It is recommended that a puppies 1st and 2nd vaccination are done using the same brand of vaccine. We stock the following brands;
How old does my puppy have to be to have vaccines and how many does he/she have?
There are 2 puppy vaccines between the age of 8 and 12 weeks, then one vaccine each year. This is a combined vaccine against Distemper, Heptatitis, Parvo, Parainfluenza and Leptospirosis.
There is also a Kennel cough vaccine for dogs going into kennels and some caravan parks are now asking for it.
Rabies vaccines and Leishmann Vaccines are only for dogs/cats going overseas.
Once the puppy vaccinations have been done, a yearly booster is then recommended to ensure immunity to diseases does not decrease putting your dog at risk. Most kennels/dog parties/walks and groomers do recommend to make sure your dog is up to date on vaccinations as not only is it putting a risk on your dog but others too.
If your dog is going into kennels and you have not kept your dogs yearly vaccinations up to date, we will have to start a new course just like the puppy vaccines. We recommend that this is done as early as possible before going in to kennels. You will need 1 vaccine then another 3 weeks later with one week minimum before your dog goes on their doggy holiday.
We do send yearly reminders the month before the booster vaccine is due. If you think your booster vaccine is needing to be done and you haven't recieved anything from us please call us as computer errors do occur especially while we are currently trying to set up an electronic reminder system.
Microchips have been made compulsory for ALL dogs in the UK due to the law change since 6th April 2016. Owners of dogs found by the police or local authorities not to have a microchip will have the benefits explained to them and be given a short period to comply with the microchipping law. If they do not, they will face a fine of up to £500.
The benefits :
We recommend watching the microchipping educational video in our videos section to explain how it all works. Here at Ralph Chambers & Associates we offer Microchipping at only £19.50, or £15 if done at the time of any surgery (for example speys/castrations).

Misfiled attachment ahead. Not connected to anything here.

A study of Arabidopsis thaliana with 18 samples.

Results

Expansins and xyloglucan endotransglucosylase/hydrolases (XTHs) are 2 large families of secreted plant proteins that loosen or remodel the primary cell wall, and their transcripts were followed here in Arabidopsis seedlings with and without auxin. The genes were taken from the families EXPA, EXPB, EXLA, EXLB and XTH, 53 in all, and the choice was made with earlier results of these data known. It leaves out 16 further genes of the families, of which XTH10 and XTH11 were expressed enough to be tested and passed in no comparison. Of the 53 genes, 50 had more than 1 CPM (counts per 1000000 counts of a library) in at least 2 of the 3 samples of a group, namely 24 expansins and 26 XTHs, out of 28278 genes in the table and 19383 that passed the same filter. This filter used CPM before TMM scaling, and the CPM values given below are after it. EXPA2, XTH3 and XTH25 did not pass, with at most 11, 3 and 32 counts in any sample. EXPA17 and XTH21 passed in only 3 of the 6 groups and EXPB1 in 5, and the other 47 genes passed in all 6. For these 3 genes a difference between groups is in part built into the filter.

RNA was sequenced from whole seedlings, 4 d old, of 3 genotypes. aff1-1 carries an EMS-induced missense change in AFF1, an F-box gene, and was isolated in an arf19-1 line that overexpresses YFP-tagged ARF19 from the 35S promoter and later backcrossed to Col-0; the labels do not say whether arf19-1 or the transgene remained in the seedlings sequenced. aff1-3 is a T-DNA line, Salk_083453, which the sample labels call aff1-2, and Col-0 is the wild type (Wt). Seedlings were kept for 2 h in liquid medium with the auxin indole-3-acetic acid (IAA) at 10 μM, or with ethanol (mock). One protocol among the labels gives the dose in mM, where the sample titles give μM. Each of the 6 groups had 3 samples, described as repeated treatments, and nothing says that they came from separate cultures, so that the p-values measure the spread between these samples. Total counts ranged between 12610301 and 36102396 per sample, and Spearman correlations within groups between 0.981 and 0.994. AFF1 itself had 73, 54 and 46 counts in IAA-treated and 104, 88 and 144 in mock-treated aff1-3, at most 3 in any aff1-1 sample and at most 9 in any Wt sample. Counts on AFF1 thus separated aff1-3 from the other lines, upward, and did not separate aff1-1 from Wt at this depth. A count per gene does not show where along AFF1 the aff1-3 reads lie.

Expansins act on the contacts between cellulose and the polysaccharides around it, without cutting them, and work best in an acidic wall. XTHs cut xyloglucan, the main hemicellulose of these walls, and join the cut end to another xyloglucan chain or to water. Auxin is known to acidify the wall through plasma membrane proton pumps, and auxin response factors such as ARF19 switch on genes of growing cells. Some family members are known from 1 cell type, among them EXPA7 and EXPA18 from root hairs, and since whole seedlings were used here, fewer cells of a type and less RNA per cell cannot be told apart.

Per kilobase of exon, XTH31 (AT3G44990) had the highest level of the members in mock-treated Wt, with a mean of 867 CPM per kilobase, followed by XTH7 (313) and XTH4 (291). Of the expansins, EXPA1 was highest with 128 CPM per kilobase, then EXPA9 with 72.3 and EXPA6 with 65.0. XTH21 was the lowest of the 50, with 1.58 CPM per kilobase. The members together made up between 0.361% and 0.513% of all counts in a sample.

How old does my dog have to be to get neutered? In the case of female does she have to have a season first?
This all depends on your female dogs being fully developed before the spaying operation as it stops her growing internally. If it's done too early, her urethra won't grow anymore, even though she continues to grow - and this can result in incontinence (bed wetting) or cystitis or bladder problems for life.
Generally - small dogs mature early and can be safely spayed at 6 months, giant breed mature later 1-1 1/2 years and are not spayed till after the first season around 18 months. This is one of the reasons for having a check-up before the Spey operation.
The age of neutering (spaying/castration) is controversial but I prefer to wait 6 months for dogs, cats and rabbit for the same reason.
Why does my dog have to wear a muzzle when he goes to the vet?
Full grown dogs that snap/bite/growl or have the potential to do so, often do in strange surroundings or then being handled by strangers. While muzzling may appear unpleasant it doesn't hurt them. The police and RSPCA or practices handling dogs of this nature commonly use muzzles.
I do have clients with a court order to muzzle their dogs whenever they go out, as a result of other people being bitten.
I think it is a lot less traumatic for the dog if he arrives with his own muzzle. One that he is used to wearing and fits him, rather than trying to use an ill-fitting muzzle in a busy consulting room.
If you need to use a muzzle you may be quite surprised with the change in temperament of the your pet, almost split personality.
My Dog has eaten chocolate, what do I do?
This is common around Christmas and Easter, make sure all chocolate is kept away from your pets at all times. Below is a link to a information-symptom sheet and a chocolate toxicity calculator, it is only a guide and if you are still concerned contact the vet immediately. Make sure you enter the correct unit for the weight of your dog (we use kg here), the type of chocolate eaten (eg milk, dark) and the amount of chocolate eaten. This is only a rough guide, as it still depends on the individuals sensitivity and health at the time. If you need to contact the vet make sure you bring in the wrapper of the chocolate eaten as this will have important information on it for your vet.